A member of a Soghdian family from Usrushana, Abi'l-Saj entered into the service of the Abbasids and fought under the Afshin during the latter's final campaign against the rebel Babak Khorramdin in 837 AD. He also fought against the Karenid rebel Mazyar in 839, and one year later against Mankjur al-Farghani, the lieutenant and cousin of Afshin. Over the next several decades he served the caliphs in various provinces. In 865 he sided with the caliph al-Musta'in during the civil war of that year, and was put in charge of the defense of al-Mada'in. In the 870s he was sent to Khuzistan to battle the Zanj rebels. However, during his stay in Ahvaz, his brother-in-law 'Abd al-Rahman was killed by the Zanj during a battle, which forced Abi'l-Saj to leave Ahvaz before the Zanj rebels entered the city.
In 876 Abi'l-Saj joined the Saffarid amir Ya'qub bin Layth, who had led his army into Khuzistan during his advance into Iraq against the caliph. He was present during the Battle of Dayr al-'Aqul, which ended in a Saffarid defeat, and reportedly remonstrated Ya'qub after the battle for his bad tactics. Following the defeat, the caliphal regent al-Muwaffaq seized his properties in Iraq. In 879, Ya'qub died after of colic disease, and was succeeded by his younger brother Amr ibn al-Layth, who made peace with the Abbasid Caliphate.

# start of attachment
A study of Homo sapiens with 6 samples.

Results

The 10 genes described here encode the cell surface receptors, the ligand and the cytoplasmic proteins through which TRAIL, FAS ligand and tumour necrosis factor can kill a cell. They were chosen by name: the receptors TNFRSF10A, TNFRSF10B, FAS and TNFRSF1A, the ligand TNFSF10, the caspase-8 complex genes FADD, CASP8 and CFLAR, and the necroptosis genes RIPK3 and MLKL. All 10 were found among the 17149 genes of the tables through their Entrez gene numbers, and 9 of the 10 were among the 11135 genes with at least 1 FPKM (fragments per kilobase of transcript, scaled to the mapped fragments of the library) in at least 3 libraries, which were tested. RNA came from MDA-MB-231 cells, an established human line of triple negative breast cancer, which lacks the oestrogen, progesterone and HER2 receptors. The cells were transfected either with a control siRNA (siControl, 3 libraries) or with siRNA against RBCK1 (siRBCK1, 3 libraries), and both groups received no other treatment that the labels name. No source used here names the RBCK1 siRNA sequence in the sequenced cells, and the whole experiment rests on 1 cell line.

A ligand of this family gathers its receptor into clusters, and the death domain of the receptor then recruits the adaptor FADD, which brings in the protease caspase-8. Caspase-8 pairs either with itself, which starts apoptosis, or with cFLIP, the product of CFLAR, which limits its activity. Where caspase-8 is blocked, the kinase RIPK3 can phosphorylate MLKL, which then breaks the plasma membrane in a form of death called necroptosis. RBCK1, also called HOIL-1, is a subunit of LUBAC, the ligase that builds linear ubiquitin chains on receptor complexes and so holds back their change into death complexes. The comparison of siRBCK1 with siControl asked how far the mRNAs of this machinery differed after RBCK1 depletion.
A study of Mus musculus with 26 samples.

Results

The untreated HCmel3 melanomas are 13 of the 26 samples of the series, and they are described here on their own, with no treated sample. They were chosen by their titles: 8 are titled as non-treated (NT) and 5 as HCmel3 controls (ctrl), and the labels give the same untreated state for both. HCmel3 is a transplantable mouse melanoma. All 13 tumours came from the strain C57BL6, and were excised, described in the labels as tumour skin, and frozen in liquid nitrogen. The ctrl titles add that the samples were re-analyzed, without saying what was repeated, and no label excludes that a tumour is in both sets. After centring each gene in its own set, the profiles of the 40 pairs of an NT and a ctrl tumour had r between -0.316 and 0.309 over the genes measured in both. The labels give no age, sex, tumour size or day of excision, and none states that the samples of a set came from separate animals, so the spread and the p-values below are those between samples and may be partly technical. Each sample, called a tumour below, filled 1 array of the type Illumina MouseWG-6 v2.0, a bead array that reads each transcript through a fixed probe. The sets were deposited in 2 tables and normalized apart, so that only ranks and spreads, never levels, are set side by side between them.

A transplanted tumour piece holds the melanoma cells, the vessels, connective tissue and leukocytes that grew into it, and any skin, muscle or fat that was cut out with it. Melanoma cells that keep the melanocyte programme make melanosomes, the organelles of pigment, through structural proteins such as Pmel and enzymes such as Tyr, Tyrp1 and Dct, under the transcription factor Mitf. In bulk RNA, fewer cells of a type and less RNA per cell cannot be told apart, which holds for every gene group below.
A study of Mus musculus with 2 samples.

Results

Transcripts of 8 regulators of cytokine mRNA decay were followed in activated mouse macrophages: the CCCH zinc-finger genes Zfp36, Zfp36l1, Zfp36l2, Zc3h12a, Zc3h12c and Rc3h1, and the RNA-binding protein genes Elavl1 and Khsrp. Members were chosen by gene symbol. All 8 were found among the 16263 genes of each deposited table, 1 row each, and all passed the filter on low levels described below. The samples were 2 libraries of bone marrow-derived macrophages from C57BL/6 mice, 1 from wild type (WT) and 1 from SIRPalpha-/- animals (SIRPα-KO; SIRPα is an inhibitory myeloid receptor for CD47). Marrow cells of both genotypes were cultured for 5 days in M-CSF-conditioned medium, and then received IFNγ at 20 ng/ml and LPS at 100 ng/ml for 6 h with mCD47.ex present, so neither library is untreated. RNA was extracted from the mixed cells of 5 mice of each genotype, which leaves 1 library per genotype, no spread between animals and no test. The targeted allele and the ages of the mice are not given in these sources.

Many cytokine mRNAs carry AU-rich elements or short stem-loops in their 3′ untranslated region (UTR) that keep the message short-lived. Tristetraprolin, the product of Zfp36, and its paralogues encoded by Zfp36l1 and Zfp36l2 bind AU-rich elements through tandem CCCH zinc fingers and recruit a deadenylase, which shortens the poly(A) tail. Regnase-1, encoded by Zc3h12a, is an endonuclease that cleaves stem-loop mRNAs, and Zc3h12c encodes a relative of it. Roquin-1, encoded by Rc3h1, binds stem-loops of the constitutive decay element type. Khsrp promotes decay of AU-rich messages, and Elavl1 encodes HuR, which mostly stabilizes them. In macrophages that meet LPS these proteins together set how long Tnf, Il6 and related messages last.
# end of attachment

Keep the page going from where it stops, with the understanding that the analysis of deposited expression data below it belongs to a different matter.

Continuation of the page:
After having made peace with the caliph, Abi'l-Saj left Fars for Baghdad, but died at Gundeshapur in November-December before he managed to reach Baghdad. His two sons, Muhammad and Yusuf, would both go on to have distinguished careers, becoming the first and third, respectively, Sajid governors of Azerbaijan.
- Madelung, "Dynasties," 228
- Madelung, "Banu Saj"
- Bosworth, C.E. The History of the Saffarids of Sistan and the Maliks of Nimruz (247/861 to 949/1542-3). Costa Mesa, California: Mazda Publishers, 1994.
- Madelung, Wilfred. "Banu Saj." Encyclopaedia Iranica. Ed. Ehsan Yarshater. Columbia University. Retrieved 17 August 2011.
- Madelung, Wilferd. "Minor Dynasties of Northern Iran." The Cambridge History of Iran, Volume 4: The Period From the Arab Invasion to the Saljuqs. Ed. R. N. Frye. New York, New York: Cambridge University Press, 1975.